Thursday, July 17, 2008

TransferJet takes wing

Talk about being blindsided. I thought Sony's announcement at CES about its ultrawideband-based TransferJet technology was an anomaly, something that would die a quiet death. Surprise, a slew of consumer companies are saying this morning they will participate in an effort to standardize the technology.

Well at a claimed 560 mMbits/s (PHY rate?) and an easy touch-to-associate user model, they have a good start. And now with giants such as Panasonic, Samsung, Toshiba and a handful of camera companies behind them, they have some clout.

As PR guru Susan Cain who forwarded the TransferJet release to me said, "Just what we need another wireless consortium!" Yeah, we have wireless USB, WirelessHD (60 GHz), WiFi Alliance, WiMedia, more out there now and more yet to come I know for a fact. Gotta find out more…


Anonymous said...

The technology looks interesting from an end consumer perspective. Just touch two components together and instant data exchange. Sounds simple and elegant almost like something Apple might do. Given the plethora of electronics and the goal of centralizing content management, the touch mechanism might make it possible for home servers / media PC to provide fast and relatively hassle-free content exchanges based on understanding the type of device and perhaps eventually tying it into content management, e.g. exchange device ID and figure out what content should be sync'ed up.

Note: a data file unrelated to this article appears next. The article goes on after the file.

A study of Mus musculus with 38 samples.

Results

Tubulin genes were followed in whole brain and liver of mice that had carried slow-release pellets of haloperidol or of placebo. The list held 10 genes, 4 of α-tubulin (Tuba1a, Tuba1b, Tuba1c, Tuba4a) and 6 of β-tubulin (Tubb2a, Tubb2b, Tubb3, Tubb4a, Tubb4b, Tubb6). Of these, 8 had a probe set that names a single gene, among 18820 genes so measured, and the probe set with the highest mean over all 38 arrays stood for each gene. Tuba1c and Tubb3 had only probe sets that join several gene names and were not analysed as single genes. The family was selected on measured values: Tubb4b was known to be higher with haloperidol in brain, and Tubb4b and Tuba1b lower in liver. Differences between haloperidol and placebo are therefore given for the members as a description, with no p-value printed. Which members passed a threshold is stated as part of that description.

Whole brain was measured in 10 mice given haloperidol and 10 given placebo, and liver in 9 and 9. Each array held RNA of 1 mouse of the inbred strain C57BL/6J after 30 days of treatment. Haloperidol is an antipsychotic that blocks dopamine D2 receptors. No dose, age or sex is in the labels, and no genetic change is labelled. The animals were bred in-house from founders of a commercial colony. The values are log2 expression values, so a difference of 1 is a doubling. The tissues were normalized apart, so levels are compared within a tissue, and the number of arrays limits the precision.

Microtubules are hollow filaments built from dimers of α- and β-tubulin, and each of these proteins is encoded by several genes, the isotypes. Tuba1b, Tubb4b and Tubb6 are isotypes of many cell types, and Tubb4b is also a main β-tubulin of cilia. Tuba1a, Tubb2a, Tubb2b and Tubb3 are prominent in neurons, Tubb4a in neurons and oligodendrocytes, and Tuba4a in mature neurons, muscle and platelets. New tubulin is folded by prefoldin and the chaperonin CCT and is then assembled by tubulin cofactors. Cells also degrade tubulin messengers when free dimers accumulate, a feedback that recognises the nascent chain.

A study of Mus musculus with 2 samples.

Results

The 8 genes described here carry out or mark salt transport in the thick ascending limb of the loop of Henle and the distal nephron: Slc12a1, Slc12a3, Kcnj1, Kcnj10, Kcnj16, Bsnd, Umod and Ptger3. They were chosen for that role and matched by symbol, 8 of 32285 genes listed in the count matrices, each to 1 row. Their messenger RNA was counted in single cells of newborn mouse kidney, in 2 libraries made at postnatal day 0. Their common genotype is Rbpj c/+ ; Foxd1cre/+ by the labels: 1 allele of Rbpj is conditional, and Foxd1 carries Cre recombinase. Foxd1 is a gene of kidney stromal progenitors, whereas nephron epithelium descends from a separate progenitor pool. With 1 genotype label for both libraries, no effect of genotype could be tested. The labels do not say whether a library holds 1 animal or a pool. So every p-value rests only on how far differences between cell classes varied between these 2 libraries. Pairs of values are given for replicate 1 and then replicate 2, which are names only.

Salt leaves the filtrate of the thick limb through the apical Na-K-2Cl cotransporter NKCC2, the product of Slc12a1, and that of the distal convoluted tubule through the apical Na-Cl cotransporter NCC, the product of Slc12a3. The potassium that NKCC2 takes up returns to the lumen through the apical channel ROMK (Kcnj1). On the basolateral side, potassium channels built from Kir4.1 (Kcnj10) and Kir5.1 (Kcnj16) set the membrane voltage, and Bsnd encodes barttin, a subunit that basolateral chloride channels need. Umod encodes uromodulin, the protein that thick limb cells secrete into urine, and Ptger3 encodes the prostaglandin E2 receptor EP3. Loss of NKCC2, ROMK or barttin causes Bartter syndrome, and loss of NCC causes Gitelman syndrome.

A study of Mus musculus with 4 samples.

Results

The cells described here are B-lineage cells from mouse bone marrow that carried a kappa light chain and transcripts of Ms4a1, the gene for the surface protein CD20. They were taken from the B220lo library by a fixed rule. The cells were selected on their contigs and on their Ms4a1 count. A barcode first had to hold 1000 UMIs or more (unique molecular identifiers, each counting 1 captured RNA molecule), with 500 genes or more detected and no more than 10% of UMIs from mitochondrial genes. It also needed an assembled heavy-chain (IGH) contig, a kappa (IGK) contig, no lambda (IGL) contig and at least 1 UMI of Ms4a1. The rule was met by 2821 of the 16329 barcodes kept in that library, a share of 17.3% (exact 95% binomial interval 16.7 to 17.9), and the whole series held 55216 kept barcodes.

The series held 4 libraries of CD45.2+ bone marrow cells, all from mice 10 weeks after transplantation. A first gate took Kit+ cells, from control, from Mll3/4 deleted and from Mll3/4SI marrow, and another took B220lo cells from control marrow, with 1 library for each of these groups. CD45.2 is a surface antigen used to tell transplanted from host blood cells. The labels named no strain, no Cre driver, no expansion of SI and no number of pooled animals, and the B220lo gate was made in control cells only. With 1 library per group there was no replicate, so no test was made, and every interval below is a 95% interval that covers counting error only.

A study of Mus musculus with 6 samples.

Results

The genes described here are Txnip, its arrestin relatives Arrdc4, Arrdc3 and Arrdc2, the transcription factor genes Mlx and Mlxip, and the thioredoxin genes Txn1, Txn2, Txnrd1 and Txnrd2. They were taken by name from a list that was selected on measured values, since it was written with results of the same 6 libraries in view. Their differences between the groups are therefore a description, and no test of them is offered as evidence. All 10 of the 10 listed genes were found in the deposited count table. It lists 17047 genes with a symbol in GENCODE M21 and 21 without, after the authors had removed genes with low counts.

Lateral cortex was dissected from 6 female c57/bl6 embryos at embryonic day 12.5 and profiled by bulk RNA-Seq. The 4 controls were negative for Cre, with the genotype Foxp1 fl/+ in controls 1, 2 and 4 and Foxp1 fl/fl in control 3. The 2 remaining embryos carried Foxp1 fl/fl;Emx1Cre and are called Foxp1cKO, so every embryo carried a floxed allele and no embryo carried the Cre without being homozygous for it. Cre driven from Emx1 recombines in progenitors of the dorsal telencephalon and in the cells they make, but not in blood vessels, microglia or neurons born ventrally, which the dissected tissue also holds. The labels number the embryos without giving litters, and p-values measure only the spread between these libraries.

Given its short distance, one can see consumers just laying their cell phone or iPod / iTouch on a home server center and getting everything sync up with no real hassle. Talk about simplicity and perhaps the ultimate ease-of-use since people like to lay their personal electronics down on any flat surface for some period of time a day.

Anonymous said...

Isn't Pulse-LINK already shipping a chip that does one Gbps+ throughputs. How is this different? Also what good is one or two inches, I'd like to see at least a meter. What problem are they trying to solve?


Rick Merritt said...

I believe the Pulse~Link uses a much wider swath of spectrum to reach longer distances, but that can also raise more regulatory issues for use in different geographies.

My understanding is that by restricting frequencies Sony achieves something useful and easier to manage for OEMs and end users.

The problem Sony is solving is how to easily get pix from a digital camera or movies or songs from a media player to a digital TV or stereo system.